What Makes A Good Team?

A good team, whether in sports, business, or family, can be almost magical. What are the properties that make a team great?

When you have a group of people working together to achieve a common goal — in other words, a team — finding the right mix can be tricky.

One thing to consider is to select people with the right skill set. For example, an ideal baseball team would have a shortstop and a third baseman, rather than two third basemen or two shortstops.

Finding a good person to lead and/or motivate the team is very important. The leader sets the tone for the entire group, and needs to have the respect of the individual members.

Related: Listen to an episode of the Intellectual Roundtable Podcast, where Lee and Michael discuss this question: ‘Where does authority come from?’ We also discuss another question as well, ‘What does your favorite music say about you?’

One aspect that is often overlooked is you need to have the right project for the team to work on. A group that would be good at, say, writing a software program probably will not be so good at marketing or selling a product. Or, to use a sports example, a great basketball team won’t be very good playing hockey.

Can you think of instances in your life when you have been a part of a group that was really in sync and excelled? What were the factors that made your team successful, and can you reproduce them?

Related questions: How can we encourage collaboration? What role do sports play in our society? Solo or team? What makes a community?

1 thought on “What Makes A Good Team?”

  1. Let me stray from the context of the question, as most of the teams I assemble need to gain expertise in the issue areas I use them for. At my job, I almost always supervise a crew of public policy interns with members passionate about the topics they can work on but not the skills that immediately lead to excelling on the problems the teams were set up to solve.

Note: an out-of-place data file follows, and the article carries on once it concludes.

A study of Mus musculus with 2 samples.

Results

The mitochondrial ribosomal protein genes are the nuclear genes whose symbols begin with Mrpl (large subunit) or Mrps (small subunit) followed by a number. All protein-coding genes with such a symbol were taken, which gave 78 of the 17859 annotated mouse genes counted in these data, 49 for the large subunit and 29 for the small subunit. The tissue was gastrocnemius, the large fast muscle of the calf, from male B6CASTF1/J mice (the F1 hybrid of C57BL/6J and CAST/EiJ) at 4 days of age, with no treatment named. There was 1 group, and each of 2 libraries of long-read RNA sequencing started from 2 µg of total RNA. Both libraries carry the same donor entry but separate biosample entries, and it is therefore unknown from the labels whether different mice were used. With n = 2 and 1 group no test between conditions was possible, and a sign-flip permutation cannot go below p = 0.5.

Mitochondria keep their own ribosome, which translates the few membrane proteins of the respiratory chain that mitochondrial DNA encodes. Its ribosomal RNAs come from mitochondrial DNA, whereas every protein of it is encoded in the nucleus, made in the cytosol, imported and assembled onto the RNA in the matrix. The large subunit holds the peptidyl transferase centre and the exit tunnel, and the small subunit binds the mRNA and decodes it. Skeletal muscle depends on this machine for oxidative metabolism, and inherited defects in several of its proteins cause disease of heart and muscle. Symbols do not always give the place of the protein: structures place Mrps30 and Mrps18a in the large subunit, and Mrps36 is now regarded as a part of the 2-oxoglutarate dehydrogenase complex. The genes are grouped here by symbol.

In my experience, group members need regular individual check-ins and just as frequent team meetings. The individual check-ins assist the individuals in talking through their project, receiving a private critique of how their project is moving forward and how I can help them, and coaching on how to present to the larger group and ask for help in that setting.

    When the crew meets as a whole, each member presents their issue, how they are advancing, and where they need help from the group. I expect team members to ask questions or offer advice in the team meeting and commit to individually offering support between those meetings. While this helps advance each team member’s project, it also builds camaraderie, trust, accountability, and team-building throughout the group’s work. As each team member is also working on a different aspect to advance the same goal, it spreads responsibility and a well-rounded conclusion to the group’s work.

    Finally, this model of team-building supervision leads to each member feeling like they’ve contributed through their assignment and the greater effort the group was set up to advance. This model makes them feel pride in the project and the team effort.